Seven-year-old Zainabou Drame has undergone at least a dozen surgeries since being mauled last year by two pit bulls.
Zainabou will never be able to talk, drink or eat solid food again, her attorney said. She is fed through a tube into her stomach.
Her medical bills from Cincinnati Children’s Hospital Medical Center total more than $1 million, according to court documents.
Doctors say Zainabou, who did not have health insurance, will have to undergo multiple facial reconstruction surgeries during her life. Her tongue was nearly severed in the attack and had to be removed.
Hamilton County Common Pleas Judge Jody Luebbers on Thursday upheld a $7.5 million judgment awarded to a Zainabou, whose parents filed a lawsuit on her behalf against the owner of the dogs and his mother.
That money, however, is not considered collectible. An attorney for the Cincinnati law firm that is handling the case pro bono said it’s not clear where the assets would come from.
Attorney Matt Nakajima of O’Connor, Acciani and Levy, said the lawsuit was filed to give the Zainabou and her family some amount of closure.
“Her injuries are so severe, there’s never going to be enough money to take care of her,” Nakajima said. Zainabou and her family were not in the courtroom Thursday.
The attack happened June 4, 2014, as Zainabou was playing outside on her Westwood street.
The dogs’ owner, 25-year-old Zontae Irby, lived with his mother, Volores White, in her house on Aquadale Lane. Nakajima said the pit bulls were among three watchdogs that guarded a drug house.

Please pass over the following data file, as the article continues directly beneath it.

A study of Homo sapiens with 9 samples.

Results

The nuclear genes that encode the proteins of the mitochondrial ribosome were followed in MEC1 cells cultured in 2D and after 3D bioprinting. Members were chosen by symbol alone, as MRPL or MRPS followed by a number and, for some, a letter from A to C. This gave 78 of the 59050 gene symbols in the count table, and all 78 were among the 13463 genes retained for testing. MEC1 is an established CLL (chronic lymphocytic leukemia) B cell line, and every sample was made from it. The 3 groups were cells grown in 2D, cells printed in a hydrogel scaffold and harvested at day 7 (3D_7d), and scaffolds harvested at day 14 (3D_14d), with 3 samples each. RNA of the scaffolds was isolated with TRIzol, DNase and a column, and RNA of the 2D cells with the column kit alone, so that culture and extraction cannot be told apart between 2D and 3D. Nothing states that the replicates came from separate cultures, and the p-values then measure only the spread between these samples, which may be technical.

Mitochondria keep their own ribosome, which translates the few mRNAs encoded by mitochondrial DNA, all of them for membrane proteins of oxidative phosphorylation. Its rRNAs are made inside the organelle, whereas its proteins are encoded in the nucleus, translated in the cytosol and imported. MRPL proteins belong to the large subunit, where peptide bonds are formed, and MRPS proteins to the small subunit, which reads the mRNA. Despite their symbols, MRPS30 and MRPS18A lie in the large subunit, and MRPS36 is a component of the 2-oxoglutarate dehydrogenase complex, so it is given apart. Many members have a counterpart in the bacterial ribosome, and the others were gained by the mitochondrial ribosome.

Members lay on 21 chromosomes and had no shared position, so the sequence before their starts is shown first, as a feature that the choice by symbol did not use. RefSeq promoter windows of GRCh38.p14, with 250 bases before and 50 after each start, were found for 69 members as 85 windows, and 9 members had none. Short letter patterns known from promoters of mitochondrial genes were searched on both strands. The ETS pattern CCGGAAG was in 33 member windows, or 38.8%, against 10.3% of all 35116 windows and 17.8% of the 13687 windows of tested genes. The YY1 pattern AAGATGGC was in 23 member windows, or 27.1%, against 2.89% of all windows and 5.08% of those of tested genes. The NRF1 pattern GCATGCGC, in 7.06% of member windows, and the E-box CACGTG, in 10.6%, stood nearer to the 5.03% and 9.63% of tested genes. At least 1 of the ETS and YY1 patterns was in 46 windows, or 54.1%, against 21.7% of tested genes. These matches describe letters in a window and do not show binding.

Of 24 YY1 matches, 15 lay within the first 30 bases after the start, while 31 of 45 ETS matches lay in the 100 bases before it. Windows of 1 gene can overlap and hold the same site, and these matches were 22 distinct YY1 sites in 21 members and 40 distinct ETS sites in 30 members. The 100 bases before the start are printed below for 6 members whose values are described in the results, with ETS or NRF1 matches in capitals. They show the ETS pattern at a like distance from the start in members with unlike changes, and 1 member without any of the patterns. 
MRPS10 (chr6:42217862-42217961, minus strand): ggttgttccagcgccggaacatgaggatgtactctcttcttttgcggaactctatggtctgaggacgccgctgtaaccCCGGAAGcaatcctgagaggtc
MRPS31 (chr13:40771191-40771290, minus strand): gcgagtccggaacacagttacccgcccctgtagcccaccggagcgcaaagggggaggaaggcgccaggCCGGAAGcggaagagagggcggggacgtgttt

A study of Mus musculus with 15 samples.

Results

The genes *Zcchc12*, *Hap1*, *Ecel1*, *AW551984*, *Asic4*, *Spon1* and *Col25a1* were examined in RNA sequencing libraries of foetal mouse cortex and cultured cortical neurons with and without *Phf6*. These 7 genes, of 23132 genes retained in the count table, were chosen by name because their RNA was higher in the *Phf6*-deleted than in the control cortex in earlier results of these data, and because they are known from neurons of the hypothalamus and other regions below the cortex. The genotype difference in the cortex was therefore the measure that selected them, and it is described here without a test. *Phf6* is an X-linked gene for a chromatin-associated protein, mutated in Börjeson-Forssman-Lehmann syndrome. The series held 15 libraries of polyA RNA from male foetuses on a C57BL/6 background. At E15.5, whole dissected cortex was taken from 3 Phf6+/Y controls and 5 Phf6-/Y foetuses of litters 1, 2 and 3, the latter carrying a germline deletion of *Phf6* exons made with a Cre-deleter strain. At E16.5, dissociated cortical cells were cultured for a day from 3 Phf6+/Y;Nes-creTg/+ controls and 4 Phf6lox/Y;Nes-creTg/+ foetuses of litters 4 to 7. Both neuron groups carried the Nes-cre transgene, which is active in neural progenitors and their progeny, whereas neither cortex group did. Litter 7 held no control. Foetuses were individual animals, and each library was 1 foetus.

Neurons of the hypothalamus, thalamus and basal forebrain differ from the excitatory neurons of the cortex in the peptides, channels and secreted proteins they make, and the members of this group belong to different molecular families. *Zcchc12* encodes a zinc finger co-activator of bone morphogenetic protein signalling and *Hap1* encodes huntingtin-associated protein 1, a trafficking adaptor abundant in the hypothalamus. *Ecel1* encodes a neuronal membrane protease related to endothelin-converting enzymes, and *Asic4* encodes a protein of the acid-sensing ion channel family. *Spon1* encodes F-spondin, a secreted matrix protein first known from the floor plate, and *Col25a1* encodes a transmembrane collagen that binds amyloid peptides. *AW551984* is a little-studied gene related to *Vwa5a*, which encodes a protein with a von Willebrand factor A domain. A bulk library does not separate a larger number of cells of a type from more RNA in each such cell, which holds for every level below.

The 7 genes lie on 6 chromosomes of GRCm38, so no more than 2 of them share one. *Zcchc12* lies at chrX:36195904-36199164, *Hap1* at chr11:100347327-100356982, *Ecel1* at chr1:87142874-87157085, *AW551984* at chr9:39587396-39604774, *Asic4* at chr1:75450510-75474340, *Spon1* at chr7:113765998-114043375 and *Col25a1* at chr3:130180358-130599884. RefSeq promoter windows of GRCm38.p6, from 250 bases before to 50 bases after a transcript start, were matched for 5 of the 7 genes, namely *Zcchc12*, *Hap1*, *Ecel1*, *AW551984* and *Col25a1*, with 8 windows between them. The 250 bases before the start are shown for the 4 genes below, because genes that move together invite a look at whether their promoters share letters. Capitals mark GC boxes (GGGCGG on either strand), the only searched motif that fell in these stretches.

Irby, in fact, was arrested after the incident and pleaded no contest to marijuana trafficking charges. He is serving a two-year prison sentence. White was charged with permitting drug abuse but was not convicted. Neither were charged in connection with the attack.
In a handwritten objection to the judgement, White said her son was living in her house temporarily. White told Luebbers on Thursday that the dogs belonged to her son and that she didn’t feed or otherwise tend to them. White said she didn’t know how the dogs got loose that day.
“I’m sorry that this … happened,” White said. "I'm just glad that she's OK."
Both White and Irby failed to properly respond to the lawsuit, which led a magistrate in September to award the $7.5 million judgment. On Thursday, after Luebbers questioned White about whether she had taken various procedural steps, Luebbers upheld the magistrate's ruling.
Nakajima said medical facilities in the area have been providing treatment to Zainabou, knowing that she and her family don’t have the ability to pay. He described Zainabou’s family as “blue collar.”
Zainabou, who dances ballet and is learning to play the cello, has also been mastering sign language.
“Her family is learning it with her,” he said.